Planning Commission approves landscaping plan for Monument Avenue circle

Despite objections from community members and some city officials, the Richmond Planning Commission on Monday approved a temporary landscaping plan for the area formerly known as Lee Circle.

The landscaping plan, similar to what the city has placed in other roundabouts where Confederate monuments stood on Monument Avenue, will lead to the removal of the fence and barrier that surrounds the former location of the Lee statue.

The decision came after a special meeting last week where the city’s Urban Design Committee voted to recommend that the commission not approve the plan. It also requested that the city remove the fence and barrier.


People have been divided over the fence. While some say it has unfairly prevented them from gathering as they did during the social justice protests in 2020, others who live nearby said it had helped curtail disruptive and criminal behavior in the area.

“Our major concern is that the fencing and barricades coming down prior to any decision being made,” said Michael Lantz, president of the Monument Avenue Preservation Society. “Due to the safety concerns, we would recommend that they not be taken down until the landscaping and plantings can be completed.”

Lantz and several other speakers in the public hearing Monday said they remain worried about people returning to the circle, and that it would lead to public intoxication, loud disputes, trespassing and vandalism.

Others, however, said they felt it would be wrong to restrict public space in such a way, but especially after the area became grounds for activism, demonstrations and community gathering shortly after protests against the police murder of George Floyd in Minneapolis two years ago.

Though some residents have criticized the people who gathered there, many have said it was a positive development, as people created community gardens, a makeshift basketball court and a space for musical and artistic performances in front of the graffiti-covered monument with messages condemning racism and police abuse.

The transformation of the monument gained international attention and earned the distinction of the most influential piece of protest art since World War II, according to The New York Times Style Magazine.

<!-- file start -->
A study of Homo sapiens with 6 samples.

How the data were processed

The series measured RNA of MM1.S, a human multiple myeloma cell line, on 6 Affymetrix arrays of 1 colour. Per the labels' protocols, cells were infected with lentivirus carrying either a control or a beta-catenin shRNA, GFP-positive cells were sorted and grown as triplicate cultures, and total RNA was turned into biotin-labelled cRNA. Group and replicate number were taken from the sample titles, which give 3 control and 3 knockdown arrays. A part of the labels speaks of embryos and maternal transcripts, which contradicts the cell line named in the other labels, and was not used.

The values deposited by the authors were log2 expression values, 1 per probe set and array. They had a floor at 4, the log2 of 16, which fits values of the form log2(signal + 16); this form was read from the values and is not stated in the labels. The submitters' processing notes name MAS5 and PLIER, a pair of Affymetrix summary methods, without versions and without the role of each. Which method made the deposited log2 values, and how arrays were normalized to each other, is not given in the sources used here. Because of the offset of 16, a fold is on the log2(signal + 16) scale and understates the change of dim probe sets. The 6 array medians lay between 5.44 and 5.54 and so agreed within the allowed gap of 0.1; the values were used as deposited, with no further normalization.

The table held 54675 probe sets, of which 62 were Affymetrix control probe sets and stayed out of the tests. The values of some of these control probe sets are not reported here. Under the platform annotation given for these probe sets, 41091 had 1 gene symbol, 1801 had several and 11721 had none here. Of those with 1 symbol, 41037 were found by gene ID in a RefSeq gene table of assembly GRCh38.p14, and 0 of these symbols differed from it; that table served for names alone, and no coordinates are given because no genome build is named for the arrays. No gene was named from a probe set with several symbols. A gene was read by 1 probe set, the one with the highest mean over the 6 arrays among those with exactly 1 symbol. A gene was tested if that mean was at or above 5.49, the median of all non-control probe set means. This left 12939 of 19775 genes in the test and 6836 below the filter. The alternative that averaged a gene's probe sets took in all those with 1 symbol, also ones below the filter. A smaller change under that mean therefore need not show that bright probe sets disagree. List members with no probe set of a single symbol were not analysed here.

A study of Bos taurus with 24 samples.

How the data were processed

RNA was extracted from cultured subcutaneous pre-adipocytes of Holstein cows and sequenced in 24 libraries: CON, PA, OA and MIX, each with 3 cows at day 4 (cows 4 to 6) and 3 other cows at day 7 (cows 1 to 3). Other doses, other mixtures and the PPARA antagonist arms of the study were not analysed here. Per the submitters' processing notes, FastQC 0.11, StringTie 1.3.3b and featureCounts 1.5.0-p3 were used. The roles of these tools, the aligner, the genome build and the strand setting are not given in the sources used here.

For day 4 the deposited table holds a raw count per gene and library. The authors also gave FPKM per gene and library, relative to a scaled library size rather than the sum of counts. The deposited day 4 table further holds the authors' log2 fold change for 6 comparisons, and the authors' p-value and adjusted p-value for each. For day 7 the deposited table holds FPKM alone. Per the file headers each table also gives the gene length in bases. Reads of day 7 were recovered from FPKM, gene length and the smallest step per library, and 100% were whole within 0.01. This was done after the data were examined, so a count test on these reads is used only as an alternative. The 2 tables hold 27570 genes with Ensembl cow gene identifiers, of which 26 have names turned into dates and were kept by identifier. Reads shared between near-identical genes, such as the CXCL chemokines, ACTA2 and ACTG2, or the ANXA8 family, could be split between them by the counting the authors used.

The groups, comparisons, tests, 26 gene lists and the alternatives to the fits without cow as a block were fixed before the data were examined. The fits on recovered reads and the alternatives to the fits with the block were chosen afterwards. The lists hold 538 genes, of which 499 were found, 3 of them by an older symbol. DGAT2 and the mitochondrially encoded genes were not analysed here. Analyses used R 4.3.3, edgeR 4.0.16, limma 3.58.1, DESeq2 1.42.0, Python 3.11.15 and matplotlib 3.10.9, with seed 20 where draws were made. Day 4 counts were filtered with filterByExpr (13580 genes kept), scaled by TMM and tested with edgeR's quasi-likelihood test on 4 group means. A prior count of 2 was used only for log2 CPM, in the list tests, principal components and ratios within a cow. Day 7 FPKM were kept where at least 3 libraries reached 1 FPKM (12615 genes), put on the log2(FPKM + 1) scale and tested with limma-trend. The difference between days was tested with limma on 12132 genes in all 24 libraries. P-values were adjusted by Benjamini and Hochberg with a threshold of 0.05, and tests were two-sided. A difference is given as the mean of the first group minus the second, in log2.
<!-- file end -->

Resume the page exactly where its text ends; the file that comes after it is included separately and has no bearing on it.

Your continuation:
Jessie Gemmer, a member of the Urban Design Committee who lives in the Monument Avenue area, spoke in the public hearing in opposition to the plan, saying she felt it was designed with the intention to keep people out.

“Looking at the context of the space, I grew up as a middle class white woman and saw so many people take engagement photos, graduation photos at the Lee monument,” she said. “It wasn’t an issue then, but it is an issue now, which makes me think that the issue people have is with the way it was used or the people that were using it.”

Though work is expected to begin this fall following the commission’s vote on Monday, it remains unclear when the city will begin developing a long-term comprehensive plan for the site.

In comments before Monday’s vote, Chief Administrative Officer Lincoln Saunders warned that further delay or a directive to begin the process sooner would be a challenge with other planning initiatives on deck.

“The temporary plan is meant to bridge the time period between today and when we have the opportunity to do a full engagement of the entire community,” Saunders said.

“It’s important that we put this process for community engagement in the line but to not necessarily … allow it to jump other things that have been priorities for two decades.”